IT researcher finds widespread flaws in Wi-Fi security

A person touching a spartphone screen with a Wi-Fi signal logo floating above it

A cyber security researcher known for finding vulnerabilities in Wi-Fi security has discovered new flaws embedded in millions of Wi-Fi devices over the past two decades.

Hackers could theoretically use these vulnerabilities to steal data or take over smart home devices equipped with Wi-Fi. However, experts believe the actual risk for most Wi-Fi users is relatively small.

Belgian Mathy Vanhoef found the security flaws and calls them “frag attacks.”

Vanhoef is well-known in IT security circles for discovering a major Wi-Fi security flaw he named KRACK, short for Key Reinstallation Attack. KRACK allowed hackers to steal data, including login credentials, private chats, and credit card information, transmitted over Wi-Fi networks.

In contrast, there’s no evidence hackers are carrying out “frag attacks” at this point.

The new security flaws that Vanhoef found are even present in WPA3, also known as Wi-Fi Protected Access 3, the most updated Wi-Fi security protocol. The Wi-Fi Alliance rolled out the WPA3 certification in 2018 to protect a wider range of devices from security risks.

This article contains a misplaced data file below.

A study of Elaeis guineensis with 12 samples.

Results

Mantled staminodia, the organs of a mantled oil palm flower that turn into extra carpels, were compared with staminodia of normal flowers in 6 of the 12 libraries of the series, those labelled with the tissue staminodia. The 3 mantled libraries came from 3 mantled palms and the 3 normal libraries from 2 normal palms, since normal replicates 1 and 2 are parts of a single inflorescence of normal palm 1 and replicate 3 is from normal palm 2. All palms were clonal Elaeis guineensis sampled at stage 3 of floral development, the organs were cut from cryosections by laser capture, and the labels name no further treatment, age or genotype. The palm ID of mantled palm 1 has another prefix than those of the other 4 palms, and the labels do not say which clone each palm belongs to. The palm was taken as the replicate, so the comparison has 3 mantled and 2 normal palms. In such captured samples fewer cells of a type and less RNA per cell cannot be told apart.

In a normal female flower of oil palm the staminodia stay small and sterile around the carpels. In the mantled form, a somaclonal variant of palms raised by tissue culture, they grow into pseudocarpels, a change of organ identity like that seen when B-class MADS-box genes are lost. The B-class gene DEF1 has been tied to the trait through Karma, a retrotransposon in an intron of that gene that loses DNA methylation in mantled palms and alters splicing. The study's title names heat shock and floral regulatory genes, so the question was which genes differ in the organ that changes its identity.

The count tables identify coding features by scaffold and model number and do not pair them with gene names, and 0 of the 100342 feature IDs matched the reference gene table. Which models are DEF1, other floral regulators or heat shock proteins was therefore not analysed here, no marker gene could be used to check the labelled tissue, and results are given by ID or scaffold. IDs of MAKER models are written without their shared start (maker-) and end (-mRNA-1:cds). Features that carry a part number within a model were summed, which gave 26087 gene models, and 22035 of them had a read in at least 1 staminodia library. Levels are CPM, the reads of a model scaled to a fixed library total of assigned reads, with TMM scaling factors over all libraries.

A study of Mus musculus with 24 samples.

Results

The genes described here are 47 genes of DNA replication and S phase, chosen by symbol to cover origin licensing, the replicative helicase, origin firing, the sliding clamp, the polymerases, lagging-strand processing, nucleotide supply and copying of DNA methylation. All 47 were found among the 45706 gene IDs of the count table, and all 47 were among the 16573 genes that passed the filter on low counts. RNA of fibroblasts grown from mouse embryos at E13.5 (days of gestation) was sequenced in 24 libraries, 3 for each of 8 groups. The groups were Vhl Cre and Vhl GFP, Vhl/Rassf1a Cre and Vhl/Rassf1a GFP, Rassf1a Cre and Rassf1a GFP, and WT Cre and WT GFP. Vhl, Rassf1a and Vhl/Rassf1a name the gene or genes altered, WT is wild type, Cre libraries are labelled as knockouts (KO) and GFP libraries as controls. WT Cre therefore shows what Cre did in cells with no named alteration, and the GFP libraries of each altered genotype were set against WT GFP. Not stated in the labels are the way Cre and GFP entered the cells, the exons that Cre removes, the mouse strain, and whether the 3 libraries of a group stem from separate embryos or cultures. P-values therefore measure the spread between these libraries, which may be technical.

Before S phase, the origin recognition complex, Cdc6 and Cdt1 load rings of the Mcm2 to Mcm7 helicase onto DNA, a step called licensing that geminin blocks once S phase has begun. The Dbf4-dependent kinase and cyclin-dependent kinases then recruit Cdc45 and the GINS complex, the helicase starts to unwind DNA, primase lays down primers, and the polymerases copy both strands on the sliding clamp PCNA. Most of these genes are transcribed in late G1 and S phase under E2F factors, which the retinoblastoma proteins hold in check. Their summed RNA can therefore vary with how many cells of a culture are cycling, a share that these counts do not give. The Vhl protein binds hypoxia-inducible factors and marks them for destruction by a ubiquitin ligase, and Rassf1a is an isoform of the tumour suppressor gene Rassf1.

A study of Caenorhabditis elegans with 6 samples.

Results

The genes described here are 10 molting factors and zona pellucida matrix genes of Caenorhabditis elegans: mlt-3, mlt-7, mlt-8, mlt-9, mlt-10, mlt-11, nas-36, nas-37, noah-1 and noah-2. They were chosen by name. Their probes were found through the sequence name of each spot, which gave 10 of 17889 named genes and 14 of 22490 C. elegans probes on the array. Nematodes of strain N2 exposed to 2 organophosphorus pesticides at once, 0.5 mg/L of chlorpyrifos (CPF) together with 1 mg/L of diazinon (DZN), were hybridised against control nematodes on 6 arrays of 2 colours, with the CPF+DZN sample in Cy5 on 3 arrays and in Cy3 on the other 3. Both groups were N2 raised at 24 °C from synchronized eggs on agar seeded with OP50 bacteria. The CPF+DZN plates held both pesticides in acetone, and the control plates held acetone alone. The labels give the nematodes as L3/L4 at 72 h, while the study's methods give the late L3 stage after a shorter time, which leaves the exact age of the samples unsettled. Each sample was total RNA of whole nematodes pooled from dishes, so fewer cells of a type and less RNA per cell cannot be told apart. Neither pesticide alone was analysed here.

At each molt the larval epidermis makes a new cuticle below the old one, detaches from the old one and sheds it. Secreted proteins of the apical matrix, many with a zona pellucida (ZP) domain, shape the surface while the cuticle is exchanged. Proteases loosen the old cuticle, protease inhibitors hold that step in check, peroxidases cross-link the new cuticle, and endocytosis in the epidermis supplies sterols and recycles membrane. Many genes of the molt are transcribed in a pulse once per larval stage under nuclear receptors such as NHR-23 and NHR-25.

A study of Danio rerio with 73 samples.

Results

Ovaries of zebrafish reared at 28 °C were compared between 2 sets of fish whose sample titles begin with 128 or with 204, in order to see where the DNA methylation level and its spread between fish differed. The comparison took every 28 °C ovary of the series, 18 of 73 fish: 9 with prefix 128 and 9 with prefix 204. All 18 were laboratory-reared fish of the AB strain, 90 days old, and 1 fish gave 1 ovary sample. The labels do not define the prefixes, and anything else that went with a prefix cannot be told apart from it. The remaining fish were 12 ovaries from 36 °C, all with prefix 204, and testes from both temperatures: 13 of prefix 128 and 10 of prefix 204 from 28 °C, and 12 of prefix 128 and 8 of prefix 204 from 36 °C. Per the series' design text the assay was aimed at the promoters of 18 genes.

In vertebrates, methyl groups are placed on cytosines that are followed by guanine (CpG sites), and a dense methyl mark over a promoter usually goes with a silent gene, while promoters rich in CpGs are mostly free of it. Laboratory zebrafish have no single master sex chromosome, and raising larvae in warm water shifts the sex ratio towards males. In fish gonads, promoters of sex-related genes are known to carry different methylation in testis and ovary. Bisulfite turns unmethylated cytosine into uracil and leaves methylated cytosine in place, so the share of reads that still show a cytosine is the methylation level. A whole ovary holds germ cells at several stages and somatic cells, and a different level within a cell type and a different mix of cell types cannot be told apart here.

“Even the original Wi-Fi security protocol, called WEP, is affected. This means several of the newly discovered design flaws have been part of Wi-Fi since its release in 1997,” the researcher wrote when detailing frag attacks.

“An adversary that is within radio range of a victim can abuse these vulnerabilities to steal user information or attack devices,” Vanhoef wrote. “Three of the discovered vulnerabilities are design flaws in the Wi-Fi standard and therefore affect most devices.”

The researcher also posted a video demonstrating how the attacks work.

Fortunately, the risk is minimal for ordinary, everyday Wi-Fi users. As an additional security measure, experts advise using VPNs on public Wi-Fi hotspots and using HTTPS websites when possible.

Like with his previous “KRACK attacks” discovery, Vanhoef informed the Wi-Fi Alliance of his discovery of “frag attacks.” According to the Industry Consortium for Advancement of Security on the Internet (ICASI), Wi-Fi device manufacturers are developing fixes.

“We would like to thank Mathy Vanhoef... for identifying these issues, reporting them to industry and participating in the coordinated disclosure of these issues,” ICASI said.